The Ulu project was among the issues discussed during the two day meeting of the Two Samoa’s Economic Integration Initiative held last week at the Tradewinds Hotel.


According to a report issued after the meeting, research on ulu is accelerating, and involves several U.S. based universities, among them the University of Hawai’i, Kansas State and Illinois. The meeting was well attended by officials and representatives of the Samoa and American Samoa governments.


While there are over 200 varieties of ulu, “maafala proved to be the most resistant to severely harsh conditions” and also proved healthiest, producing the most gluten-free nutrients.  University of Hawaii propagated the maafala, which was harvested within three years compared to a “naturally-grown” ulu plant, which takes seven years to bear fruit.


A huge, worldwide market is available for gluten-free products numbering at least 52 million consumers, according to the ulu project presentation. Original projects forecasted sales around $2-3 billion in 2011 (or 2012), but actual figures in January 2014 showed sales exceeded $7 billion. The market primarily consists of consumers who need gluten-free products to avoid and lessen certain diseases such as celiac disease.  (Celiac disease is a condition that damages the lining of the small intestine and prevents it from absorbing parts of food that are important for staying healthy. The damage is due to a reaction to eating gluten, which is found in wheat, barley, rye, and possibly oats.)


Research is continuing, as they try to perfect methods for transforming ulu into viable gluten-free products and extending the shelf-life of those products while trying to save ulu from going to waste through preserving them prior to maturity. Commercializing ulu will require a guaranteed supply, but the two Samoas combined do not have enough land mass to grow plants that can sustain a supply to meet world demand, which points to the need for a regional approach.




A representative from Samoa’s Ministry of Foreign Affairs and Trade (MFAT) made a presentation on the trading environment of Samoa, where it highlighted that Samoa operated on a trade deficit from 2009-2013. American Samoa is Samoa’s third largest export market with the top four export products being fish, beer, taro and post-mix. The top import products from the territory to Samoa were mostly food products such as chips, soy sauce and macaroni.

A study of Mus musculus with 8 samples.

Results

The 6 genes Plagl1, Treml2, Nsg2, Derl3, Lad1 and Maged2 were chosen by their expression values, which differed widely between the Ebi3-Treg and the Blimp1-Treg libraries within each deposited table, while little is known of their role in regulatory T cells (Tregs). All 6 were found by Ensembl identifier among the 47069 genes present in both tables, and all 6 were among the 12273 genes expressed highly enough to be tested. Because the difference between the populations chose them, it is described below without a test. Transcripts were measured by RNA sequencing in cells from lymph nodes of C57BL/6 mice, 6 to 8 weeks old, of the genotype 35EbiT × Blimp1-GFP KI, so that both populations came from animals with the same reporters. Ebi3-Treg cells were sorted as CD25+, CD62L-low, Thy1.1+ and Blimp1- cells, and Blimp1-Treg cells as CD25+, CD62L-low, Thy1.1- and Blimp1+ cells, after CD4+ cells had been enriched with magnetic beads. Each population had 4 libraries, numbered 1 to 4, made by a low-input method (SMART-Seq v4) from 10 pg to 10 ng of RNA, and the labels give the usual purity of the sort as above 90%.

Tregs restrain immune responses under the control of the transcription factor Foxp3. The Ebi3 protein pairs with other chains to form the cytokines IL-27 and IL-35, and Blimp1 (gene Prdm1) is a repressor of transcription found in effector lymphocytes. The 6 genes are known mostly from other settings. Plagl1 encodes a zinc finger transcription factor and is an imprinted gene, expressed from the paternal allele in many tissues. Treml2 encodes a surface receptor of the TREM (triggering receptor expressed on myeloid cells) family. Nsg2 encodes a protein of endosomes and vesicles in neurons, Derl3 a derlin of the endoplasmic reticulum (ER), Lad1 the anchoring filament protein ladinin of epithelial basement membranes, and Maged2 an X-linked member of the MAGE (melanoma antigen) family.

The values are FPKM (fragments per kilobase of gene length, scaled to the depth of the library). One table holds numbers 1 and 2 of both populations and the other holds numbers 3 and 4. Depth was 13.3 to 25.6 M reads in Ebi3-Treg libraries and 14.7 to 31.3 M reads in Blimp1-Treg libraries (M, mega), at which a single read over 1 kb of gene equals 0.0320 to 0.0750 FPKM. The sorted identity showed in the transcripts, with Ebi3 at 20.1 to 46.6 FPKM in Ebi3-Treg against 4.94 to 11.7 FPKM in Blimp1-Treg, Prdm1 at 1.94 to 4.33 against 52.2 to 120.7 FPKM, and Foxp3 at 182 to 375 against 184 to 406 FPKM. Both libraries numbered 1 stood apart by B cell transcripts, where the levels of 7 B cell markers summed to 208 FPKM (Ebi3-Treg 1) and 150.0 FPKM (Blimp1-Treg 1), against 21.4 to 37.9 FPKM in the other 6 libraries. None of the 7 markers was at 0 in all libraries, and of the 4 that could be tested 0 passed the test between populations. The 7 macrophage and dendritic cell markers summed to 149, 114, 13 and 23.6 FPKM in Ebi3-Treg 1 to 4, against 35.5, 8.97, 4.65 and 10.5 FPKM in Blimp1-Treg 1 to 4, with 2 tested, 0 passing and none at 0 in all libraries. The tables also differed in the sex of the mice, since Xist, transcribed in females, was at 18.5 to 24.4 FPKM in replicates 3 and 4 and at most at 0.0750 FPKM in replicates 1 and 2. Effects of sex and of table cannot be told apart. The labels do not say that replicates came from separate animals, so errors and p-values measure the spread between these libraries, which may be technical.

In ASG’s presentation, Samoa’s major export markets included USA, Australia and New Zealand. In terms of 2012 import figures by country, Samoa is ranked as the 7th largest import market for American Samoa.


A series of presentations from Samoa’s private sector highlighted a number of issues surrounding trade with American Samoa, including regulatory barriers such as business license requirements, entry permits, prohibitive freight costs and industry specific issues.


It was noted that the American Samoa Border Control agencies charge Polynesian Airlines for the same number of inspectors required to service a larger aircraft with more passengers. “These charges are a trade barrier as the costs are then passed on to travelers between the two Samoas.”


“Recommendations were made to enhance private sector dialogue between the two Samoa’s; possible agreement to an annual number of Trade Fair events; and the exploration of an investment provision to facilitate the growth and expansion of the two Samoa’s service sectors.”


There were recommended areas for cooperation with American Samoa market such as making excise rates more predictable, addressing business license restrictions, pursuit of duty free access to USA for products from Samoa via American Samoa, assistance in meeting USDA requirements and for both governments to put in place incentives for the establishment of joint ventures.


There was also discussion on the importation of processed meat from Samoa, where it was mentioned that bilateral discussions have been underway with the United States Department of Agriculture (USDA) however it was noted that it would be more suitable for Samoa to submit an application to USDA directly.


The issue of permit waivers was also discussed, and it was revealed that ongoing discussions could lead to both countries eliminating or “standardizing” permit fees.